When Gregory Tucker was brought into City Hall to become Mayor Catherine Pugh’s $240-an-hour media consultant, he said he was asked to help overhaul communications for Baltimore’s top elected official.
This week’s Board of Estimates agenda shows what that will mean in terms of personnel – Pugh is creating six new media-related positions in her mayoral offices at a cost of more than $500,000.
There are requests for three positions, each with a salary and benefits of up to $95,375: deputy director of communications, press secretary and social media strategist.
Also requested are three additional communications staffers: a social media officer, a research assistant and a press officer, totaling as much as $225,216.
Other requests by the mayor are for a new “Chief of Marketing” and a “Director of African American Male Engagement,” each to be paid up to $155,448.
The latter two salaries are commensurate with the salaries of city department heads who are responsible for managing hundreds of employees. (Recreation and Park’s Reginald Moore makes $158,000. Planning Director Tom Stosur earned $145,000 last year.)
The African-American Male Engagement position is something new for city government. And it is not clear from the spending board’s description how the chief of marketing’s duties would differ from other promotional agencies, such as Live Baltimore and the Baltimore Office of Promotion & the Arts (BOPA).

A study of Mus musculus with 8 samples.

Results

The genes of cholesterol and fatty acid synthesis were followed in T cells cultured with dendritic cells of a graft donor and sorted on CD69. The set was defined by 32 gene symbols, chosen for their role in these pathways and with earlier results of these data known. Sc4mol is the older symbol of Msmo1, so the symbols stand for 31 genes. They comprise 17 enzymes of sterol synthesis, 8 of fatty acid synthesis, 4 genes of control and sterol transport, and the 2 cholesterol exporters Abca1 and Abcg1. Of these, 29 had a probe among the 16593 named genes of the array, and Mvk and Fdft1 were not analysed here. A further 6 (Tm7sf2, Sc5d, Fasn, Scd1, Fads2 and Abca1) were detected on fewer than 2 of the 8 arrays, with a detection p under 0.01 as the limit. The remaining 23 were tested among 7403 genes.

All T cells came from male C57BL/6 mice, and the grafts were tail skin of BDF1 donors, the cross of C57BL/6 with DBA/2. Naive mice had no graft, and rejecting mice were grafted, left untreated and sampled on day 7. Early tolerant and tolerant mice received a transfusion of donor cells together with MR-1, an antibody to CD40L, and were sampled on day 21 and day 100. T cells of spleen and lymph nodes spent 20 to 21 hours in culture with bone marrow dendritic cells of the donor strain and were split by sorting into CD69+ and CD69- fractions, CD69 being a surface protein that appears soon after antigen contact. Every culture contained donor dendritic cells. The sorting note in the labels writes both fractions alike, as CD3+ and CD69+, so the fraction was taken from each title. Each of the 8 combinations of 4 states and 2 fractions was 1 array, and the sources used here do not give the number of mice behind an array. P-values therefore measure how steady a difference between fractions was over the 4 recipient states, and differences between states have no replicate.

We asked for more details on these positions from the mayor’s current acting director of communications, Amanda Rodrigues-Smith.
UPDATE: Responding after this article was posted, Rodriques-Smith said three of the new positions will be in the mayor’s office and the rest will be in offices that the mayor directly supervises. The titles listed in the agenda may “evolve to different functional titles,” she said, noting that the position listed in the Board document as “Director of Marketing” will likely become “a pubic affairs position” involving Charm TV, social media, events and other areas.
Pugh’s New Narrative
After a difficult 14 months since becoming mayor – a period marked by a record-breaking homicide rate, police officers prosecuted for corruption, children shivering in unheated schools – Pugh has announced in public and in op-eds a month ago that Baltimore needs a new “narrative.”
The hiring of Tucker, via a no-bid contract, signaled that she was making the communications reboot a priority.
The videos that her office subsequently released, including a controversial one showing her chiding a child with a squeegee, were another part of the effort.
And when her efforts to improve communications received critical coverage, she was not pleased, leading to more headlines.
Disclosure of her office’s RFP seeking a contractor to revamp rooms at City Hall to television broadcast capability appeared to be a particular irritant.
Pugh sounded off, critiquing what she considered overly negative press coverage at a media-sponsored event honoring “Baltimore visionaries.”